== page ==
Jason Garrett has never been one to succumb to outside pressures on how to run his offense. Since taking over as offensive coordinator for the Dallas Cowboys in 2007, Garrett has operated one of the most prolific offenses in the NFL yet still faces doubts regarding his gameplanning and strategic playcalling.
Perhaps Garrett's offenses have looked good because of the enormous talent at his disposal; any offensive coordinator can look like a genius if he has a top-5 quarterback and three starting-caliber running backs on his team. Even the best players need the right offense to operate in and Garrett has shown the ability to mold his offense to fit the abilities of his best players.
Heading into what some hope to be a championship season for the Cowboys, the pressures on Garrett and the offense are even greater. For the first time since being in Dallas the offense has more question areas than the defense and many are worried that it will be his offense that will hold the Cowboys back from contending this season. After two preseason games and several failed drives by the starting offense those doubts have yet to be assuaged and instead the questions loom ever larger.
The only way to ease the doubting look in every fan's eye is simple: just score.
The fears and doubts surrounding the offense haven't cropped up out of the ether during the offseason. During the team's most successful season in well over a decade the Cowboys boasted an offense that could move the ball better than any other team in the NFL. When it came to the stat that really matters, points, the Cowboys were pedestrian at best and better than just half the league.The one area that truly hurt the Cowboys in that area was their execution in the red zone, a topic that was much discussed and debated over the summer.
After two games, the offense has yet to show any improvement in their red zone scoring ability and in fact have looked -- at times -- much more sloppy than we're used to from Romo and Garrett in the preseason.
Going back and watching the starting offense in last year's preseason, there is a stark contrast to what we've seen so far this season. In the first two games of the preseason the starting offense smartly moved the ball down the field before promptly scoring a red zone touchdown. Of particular note is the fact that the Cowboys scored twice from the 1-yard line, with both Marion Barber and Felix Jones getting a touchdown from the goal line.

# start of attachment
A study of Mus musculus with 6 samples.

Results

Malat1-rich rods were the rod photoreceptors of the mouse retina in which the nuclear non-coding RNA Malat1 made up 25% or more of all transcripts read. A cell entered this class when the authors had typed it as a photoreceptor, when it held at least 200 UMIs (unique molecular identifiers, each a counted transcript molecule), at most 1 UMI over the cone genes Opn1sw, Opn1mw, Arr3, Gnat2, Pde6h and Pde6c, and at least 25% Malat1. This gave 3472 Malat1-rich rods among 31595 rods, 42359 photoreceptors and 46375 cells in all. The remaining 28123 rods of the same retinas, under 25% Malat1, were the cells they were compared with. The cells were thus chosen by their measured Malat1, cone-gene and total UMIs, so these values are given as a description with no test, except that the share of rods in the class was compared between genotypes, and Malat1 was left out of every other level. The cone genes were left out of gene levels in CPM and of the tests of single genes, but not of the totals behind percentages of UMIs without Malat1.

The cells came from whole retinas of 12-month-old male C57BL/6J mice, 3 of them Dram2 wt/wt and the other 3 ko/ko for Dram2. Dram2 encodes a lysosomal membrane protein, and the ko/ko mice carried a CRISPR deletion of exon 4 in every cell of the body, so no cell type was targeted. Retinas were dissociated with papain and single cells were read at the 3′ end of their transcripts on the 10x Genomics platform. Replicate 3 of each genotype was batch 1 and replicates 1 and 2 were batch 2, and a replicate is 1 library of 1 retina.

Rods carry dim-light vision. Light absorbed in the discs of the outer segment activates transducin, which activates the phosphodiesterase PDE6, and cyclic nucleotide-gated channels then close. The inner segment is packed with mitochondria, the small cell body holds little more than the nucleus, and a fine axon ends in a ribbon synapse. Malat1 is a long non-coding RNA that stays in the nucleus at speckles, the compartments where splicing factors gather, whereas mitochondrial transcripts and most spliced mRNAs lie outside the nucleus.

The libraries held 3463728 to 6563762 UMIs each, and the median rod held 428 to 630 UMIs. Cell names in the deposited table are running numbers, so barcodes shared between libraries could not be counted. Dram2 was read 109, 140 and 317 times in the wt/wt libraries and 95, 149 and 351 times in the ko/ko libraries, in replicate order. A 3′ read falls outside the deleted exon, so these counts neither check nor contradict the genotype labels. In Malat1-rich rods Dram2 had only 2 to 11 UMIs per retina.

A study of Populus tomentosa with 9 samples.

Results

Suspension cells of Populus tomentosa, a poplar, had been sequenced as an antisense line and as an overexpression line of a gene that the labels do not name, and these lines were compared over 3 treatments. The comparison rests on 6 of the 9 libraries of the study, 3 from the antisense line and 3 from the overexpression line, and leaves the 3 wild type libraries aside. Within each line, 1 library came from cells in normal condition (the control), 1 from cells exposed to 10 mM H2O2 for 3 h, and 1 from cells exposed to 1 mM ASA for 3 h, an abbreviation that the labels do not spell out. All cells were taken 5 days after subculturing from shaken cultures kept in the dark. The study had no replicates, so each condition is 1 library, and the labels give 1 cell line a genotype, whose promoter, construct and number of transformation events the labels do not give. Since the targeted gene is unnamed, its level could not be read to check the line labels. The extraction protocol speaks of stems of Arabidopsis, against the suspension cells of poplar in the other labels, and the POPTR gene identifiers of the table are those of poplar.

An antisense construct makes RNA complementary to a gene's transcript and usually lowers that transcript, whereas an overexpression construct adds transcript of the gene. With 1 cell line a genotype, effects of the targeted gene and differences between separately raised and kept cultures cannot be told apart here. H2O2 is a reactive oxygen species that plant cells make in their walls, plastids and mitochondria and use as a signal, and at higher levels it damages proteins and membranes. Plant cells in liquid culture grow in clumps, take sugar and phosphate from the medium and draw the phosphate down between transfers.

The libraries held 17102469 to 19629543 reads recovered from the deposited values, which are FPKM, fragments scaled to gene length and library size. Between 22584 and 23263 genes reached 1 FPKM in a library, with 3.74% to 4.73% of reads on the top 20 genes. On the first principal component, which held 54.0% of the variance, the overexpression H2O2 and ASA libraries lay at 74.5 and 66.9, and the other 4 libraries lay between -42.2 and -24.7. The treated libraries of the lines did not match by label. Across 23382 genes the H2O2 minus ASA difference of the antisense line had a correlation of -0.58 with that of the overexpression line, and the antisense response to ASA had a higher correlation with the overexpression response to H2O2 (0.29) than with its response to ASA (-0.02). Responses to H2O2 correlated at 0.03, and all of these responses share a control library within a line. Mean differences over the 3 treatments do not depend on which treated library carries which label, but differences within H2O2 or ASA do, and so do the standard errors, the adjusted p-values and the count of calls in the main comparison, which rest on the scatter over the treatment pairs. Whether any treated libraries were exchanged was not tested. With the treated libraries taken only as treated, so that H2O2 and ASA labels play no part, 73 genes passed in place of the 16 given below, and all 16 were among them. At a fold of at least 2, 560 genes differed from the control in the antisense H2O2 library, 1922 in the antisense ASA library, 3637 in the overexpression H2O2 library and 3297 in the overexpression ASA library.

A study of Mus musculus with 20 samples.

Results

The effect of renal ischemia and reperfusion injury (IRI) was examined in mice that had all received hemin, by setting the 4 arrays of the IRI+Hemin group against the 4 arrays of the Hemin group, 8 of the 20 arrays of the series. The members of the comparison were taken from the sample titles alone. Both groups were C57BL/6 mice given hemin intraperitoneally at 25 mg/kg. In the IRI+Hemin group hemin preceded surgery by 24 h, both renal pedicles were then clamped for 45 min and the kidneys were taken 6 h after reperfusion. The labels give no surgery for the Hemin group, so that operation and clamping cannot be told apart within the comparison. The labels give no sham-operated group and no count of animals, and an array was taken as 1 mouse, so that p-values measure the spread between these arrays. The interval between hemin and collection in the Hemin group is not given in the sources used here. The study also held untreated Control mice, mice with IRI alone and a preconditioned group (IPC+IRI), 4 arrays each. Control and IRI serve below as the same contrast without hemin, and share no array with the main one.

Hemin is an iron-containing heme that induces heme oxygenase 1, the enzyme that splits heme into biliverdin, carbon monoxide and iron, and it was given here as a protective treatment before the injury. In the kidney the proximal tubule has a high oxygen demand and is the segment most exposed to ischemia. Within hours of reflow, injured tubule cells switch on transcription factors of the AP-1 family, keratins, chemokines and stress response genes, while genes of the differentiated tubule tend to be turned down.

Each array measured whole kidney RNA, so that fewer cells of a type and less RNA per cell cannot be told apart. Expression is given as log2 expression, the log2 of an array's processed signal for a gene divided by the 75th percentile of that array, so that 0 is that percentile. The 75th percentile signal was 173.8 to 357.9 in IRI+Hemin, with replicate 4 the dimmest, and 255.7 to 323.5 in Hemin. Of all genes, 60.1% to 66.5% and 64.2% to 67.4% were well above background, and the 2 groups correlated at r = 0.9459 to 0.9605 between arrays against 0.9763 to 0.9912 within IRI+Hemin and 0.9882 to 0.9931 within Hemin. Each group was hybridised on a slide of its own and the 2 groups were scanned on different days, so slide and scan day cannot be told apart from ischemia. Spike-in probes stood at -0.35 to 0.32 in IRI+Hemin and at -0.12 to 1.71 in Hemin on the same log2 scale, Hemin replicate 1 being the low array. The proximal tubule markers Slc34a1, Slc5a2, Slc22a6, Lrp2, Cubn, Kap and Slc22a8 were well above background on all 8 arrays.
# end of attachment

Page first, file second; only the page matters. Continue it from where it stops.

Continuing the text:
Now, it's tough to compare last year's preseason directly to this year's, as the Cowboys' schedule this preseason is incredibly out of whack. You almost have to think about just ignoring the Oakland game altogether, based on travel and practice time before the actual game. The Cowboys still have three games left this preseason and we've yet to see the starting offense play more than two series in a game, still plenty of time left for this offense to show they've improved.
Jason Garrett and Tony Romo both contend that the offense is incredibly vanilla in these games and that they've worked on some specific formations down near the end zone that haven't paid off. While that's certainly understandable, the lack of overall execution by the offense is what has been most troubling.
Forget the doubts of the fans and the media. Should the Cowboys make a much more concerted focus on scoring against San Diego? While scoring isn't exactly the most important part of preseason games, if the offense is successful then it builds confidence moving forward into the season. Just like with a hitter in a slump at the plate, just getting that one hit could be enough to open the floodgates and getting back to the high level of performance everyone is used to. That confidence and that winning mentality is incredibly important, even in the preseason, and is built upon once the season starts.
The offense will likely just play a quarter -- perhaps the first half -- and should be able to actually get into a rhythm this time around. While you respect Garrett's plan of not giving away the offense in the preseason and not gameplanning for a defense, perhaps showing a few wrinkles here and there on the way to a touchdown will be more valuable than playing the secretive offensive coordinator.
I wrote this article before Kyle Kosier's injury, but the points above are still just as valid. I know there some speculation that perhaps the Cowboys should sit Romo against the Chargers (although that seemed to come from just one guy at ESPN), but that's the last thing this offense needs. Despite everything the team has been saying the past few weeks about not being worried and not giving the offense away, you have to think that proving to themselves that the can still execute in a game situation would do wonders for the team's overall confidence.
Although with a team with Tony Romo leading the offense, I'm sure that a lack of confidence isn't their issue anyway. It would still be nice to put all the doubts to rest.
One touchdown by the offense, hopefully from the red zone, will be enough to put our minds at ease. Judging by what the players have been saying the past week I'm sure it will help them as well.